On a recent trip, I had way too much time on my hands and was ambling around the usual overpriced shops in the airport terminal. There I saw a 40th anniversary “special edition” of the Space Pen. For $799.99 (plus taxes) you could get one of these pens, and some other memorabilia to commemorate the 40th anniversary of the first lunar landing. If you aren’t familiar with the Space Pen, you can look at learn more at the web site of the Fisher Space Pen Co.
For $800 you could get AG7-40LE – Astronaut Space Pen 40th Year Moon Landing Celebration Commemorative Pen & Box.
Part of this pen actually circled the moon!
Salient features of this revolutionary device:
- it writes upside down
- it writes in any language (so the Russians bought some of these :))
- it draws pictures
- it writes in zero gravity
- it writes under water
- it writes on greasy surfaces
- it fixes broken switches on lunar modules
If you want to know about the history of this device, you can also look at NASA’s web page here. On the web page of the Fisher Space Pen Co, you can also see the promotion of the AG7-40 – Astronaut Space Pen 40th Year Moon Landing Celebration Engraving.
While in the airport, I saw a couple of security officers rolling around on the Segway Personal Transporter. Did you know that for approximately $10,000 you could get yourself a Segway PT i2 Ferrari Limited Edition? I have no idea how much the airport paid for them but the Segway i2 is available on Amazon for about $6,000. It did strike me as silly, till I noticed three officers (a lot more athletic) riding through the terminal on Trek bicycles. That seemed a lot more reasonable. I have a bicycle like that, and it costs maybe 10% of a Segway.
I got thinking about the rampant over-engineering that was all around me, and happened upon this web page, when I did a search for Segway!
Who would have thought of this, just add a third wheel and you could have a vehicle just as revolutionary? I thought about it some more and figured that the third wheel in Maddox’s picture is probably not the best choice; maybe it should be a wheel more like the track-ball of a mouse. That would have no resistance to turning and the contraption could do an effortless zero radius turn if required. The ball could be spring loaded and the whole thing could be on an arm that had some form of shock absorbing mechanism.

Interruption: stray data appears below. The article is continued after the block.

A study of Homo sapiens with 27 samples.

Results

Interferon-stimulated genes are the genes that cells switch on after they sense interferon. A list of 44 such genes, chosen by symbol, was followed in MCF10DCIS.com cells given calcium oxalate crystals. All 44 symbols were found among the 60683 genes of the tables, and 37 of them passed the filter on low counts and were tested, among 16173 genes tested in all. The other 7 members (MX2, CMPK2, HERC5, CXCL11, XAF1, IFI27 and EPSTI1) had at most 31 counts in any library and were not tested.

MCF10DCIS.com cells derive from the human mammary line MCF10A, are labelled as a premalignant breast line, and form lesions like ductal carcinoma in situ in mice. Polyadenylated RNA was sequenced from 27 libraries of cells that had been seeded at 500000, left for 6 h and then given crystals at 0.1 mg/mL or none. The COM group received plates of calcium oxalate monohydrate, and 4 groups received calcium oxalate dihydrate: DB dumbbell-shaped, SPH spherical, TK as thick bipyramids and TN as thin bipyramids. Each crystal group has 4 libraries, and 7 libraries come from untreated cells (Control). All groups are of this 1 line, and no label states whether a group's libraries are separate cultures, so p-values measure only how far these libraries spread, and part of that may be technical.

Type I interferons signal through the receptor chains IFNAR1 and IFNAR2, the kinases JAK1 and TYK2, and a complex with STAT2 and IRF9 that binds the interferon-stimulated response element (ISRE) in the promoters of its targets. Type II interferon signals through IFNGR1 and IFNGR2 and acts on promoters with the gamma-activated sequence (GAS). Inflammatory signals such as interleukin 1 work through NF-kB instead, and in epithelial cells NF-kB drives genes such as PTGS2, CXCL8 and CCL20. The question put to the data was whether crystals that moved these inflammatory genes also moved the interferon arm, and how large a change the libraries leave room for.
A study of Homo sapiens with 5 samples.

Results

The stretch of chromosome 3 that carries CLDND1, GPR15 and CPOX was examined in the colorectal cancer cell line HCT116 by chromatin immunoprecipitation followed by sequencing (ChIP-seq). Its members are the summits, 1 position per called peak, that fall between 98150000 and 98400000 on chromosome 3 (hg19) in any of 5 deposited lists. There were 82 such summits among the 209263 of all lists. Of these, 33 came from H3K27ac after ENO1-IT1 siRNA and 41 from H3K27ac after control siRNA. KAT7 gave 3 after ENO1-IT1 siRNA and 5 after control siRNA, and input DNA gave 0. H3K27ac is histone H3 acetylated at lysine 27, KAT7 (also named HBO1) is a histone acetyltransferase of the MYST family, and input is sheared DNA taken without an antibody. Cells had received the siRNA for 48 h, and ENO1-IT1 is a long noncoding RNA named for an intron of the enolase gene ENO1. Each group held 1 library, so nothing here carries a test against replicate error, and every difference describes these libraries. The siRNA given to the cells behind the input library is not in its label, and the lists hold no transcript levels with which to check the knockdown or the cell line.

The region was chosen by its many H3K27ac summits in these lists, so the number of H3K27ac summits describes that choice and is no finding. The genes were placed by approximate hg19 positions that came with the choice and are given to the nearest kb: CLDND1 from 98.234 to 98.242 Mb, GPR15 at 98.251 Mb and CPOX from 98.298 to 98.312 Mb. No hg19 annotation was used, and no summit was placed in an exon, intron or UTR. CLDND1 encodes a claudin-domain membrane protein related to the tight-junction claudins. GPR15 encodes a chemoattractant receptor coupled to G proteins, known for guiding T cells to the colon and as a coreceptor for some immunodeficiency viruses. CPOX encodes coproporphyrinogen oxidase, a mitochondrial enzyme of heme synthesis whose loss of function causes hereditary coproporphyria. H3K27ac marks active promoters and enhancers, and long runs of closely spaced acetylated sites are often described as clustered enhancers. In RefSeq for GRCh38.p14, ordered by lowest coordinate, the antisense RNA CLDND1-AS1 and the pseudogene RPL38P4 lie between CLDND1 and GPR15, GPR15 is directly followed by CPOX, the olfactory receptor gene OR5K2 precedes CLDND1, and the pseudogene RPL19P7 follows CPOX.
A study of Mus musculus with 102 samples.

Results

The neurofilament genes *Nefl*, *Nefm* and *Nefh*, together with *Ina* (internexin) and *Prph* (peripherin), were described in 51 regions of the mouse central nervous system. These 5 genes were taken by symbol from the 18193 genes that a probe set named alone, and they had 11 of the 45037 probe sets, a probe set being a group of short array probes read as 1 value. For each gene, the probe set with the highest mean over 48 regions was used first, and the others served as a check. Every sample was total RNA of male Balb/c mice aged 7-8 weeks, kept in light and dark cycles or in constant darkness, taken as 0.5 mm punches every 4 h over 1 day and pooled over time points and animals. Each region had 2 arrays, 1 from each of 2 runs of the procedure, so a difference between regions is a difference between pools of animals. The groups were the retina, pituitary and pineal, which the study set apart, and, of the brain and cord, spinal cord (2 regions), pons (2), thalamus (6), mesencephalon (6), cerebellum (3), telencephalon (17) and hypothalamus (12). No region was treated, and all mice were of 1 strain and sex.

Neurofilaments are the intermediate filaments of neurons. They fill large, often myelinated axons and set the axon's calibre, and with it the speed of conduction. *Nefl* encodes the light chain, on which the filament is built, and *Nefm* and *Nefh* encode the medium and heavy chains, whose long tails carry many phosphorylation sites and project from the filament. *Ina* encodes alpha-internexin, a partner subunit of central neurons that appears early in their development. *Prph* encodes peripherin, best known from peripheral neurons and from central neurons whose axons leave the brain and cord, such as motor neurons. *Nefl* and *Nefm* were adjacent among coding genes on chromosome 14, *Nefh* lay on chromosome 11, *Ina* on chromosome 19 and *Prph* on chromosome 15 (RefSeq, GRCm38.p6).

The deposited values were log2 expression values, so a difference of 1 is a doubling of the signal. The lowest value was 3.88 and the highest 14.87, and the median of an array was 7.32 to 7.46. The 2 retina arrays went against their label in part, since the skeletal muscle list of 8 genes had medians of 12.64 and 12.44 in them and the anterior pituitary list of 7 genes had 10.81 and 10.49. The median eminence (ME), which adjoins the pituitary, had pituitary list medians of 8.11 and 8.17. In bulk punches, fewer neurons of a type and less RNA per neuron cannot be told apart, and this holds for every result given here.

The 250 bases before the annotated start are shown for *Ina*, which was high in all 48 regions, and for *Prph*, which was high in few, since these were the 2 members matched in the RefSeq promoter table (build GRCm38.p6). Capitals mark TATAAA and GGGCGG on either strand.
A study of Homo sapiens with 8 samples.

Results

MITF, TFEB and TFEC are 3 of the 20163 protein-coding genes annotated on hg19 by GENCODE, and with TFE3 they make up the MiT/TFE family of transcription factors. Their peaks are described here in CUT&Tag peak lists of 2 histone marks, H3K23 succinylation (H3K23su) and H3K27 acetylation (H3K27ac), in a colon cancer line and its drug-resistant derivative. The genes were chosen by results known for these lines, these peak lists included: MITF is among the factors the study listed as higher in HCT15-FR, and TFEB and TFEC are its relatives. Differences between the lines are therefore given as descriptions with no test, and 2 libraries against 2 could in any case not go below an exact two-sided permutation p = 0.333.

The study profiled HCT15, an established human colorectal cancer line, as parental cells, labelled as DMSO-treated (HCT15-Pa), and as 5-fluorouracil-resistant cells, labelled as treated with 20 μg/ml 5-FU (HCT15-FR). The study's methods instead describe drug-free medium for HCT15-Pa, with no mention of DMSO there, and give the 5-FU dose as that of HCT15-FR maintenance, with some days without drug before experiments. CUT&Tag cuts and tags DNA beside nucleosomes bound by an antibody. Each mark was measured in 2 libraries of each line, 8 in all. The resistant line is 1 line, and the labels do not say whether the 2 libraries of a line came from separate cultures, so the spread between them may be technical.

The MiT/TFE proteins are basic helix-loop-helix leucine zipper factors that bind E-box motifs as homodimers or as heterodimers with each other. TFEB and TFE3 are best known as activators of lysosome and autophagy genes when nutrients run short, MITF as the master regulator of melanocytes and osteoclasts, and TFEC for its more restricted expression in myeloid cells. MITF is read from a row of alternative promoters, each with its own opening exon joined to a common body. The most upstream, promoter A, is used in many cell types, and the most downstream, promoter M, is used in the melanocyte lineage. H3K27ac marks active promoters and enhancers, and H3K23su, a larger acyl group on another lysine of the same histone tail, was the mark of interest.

And, if we were to have done that, we would not have seen this. Bush Fails Segway Test! As an interesting aside, did you know that the high tech heart stent used for people who have bypass surgery was also invented by Dean Kamen?
We have a million ways to solve most problems. Why then do we over-engineer solutions to the point where the solution introduces more problems?
Keep it simple! There are less things that can break later.
Oh, and about that broken switch in the lunar module. Buzz Aldrin has killed that wonderful urban legend by saying he used a felt tip pen.
Buzz Aldrin still has the felt-tipped pen he used as a makeshift switch needed to fire up the engines that lifted him and fellow Apollo 11 astronaut Neil Armstrong off the moon and started their safe return to Earth nearly 40 years ago.
“The pen and the circuit breaker (switch) are in my possession because we do get a few memorabilia to kind of symbolize things that happened,” Aldrin told reporters Friday.
If Buzz Aldrin used a felt tipped pen, why do we need a Space Pen? And what exactly are we celebrating by buying a $800 pen that can’t even fix a broken switch. A pencil can write upside down (and also write in any language :)). Why do we need Segway Human Transporters in an airport when most security officers should be able to walk or ride a bicycle. Why do we build complex software products and make them bloated, unusable, incomprehensible and expensive?
That’s simple, we’re paying a homage to our overpowering desire to over-engineer solutions.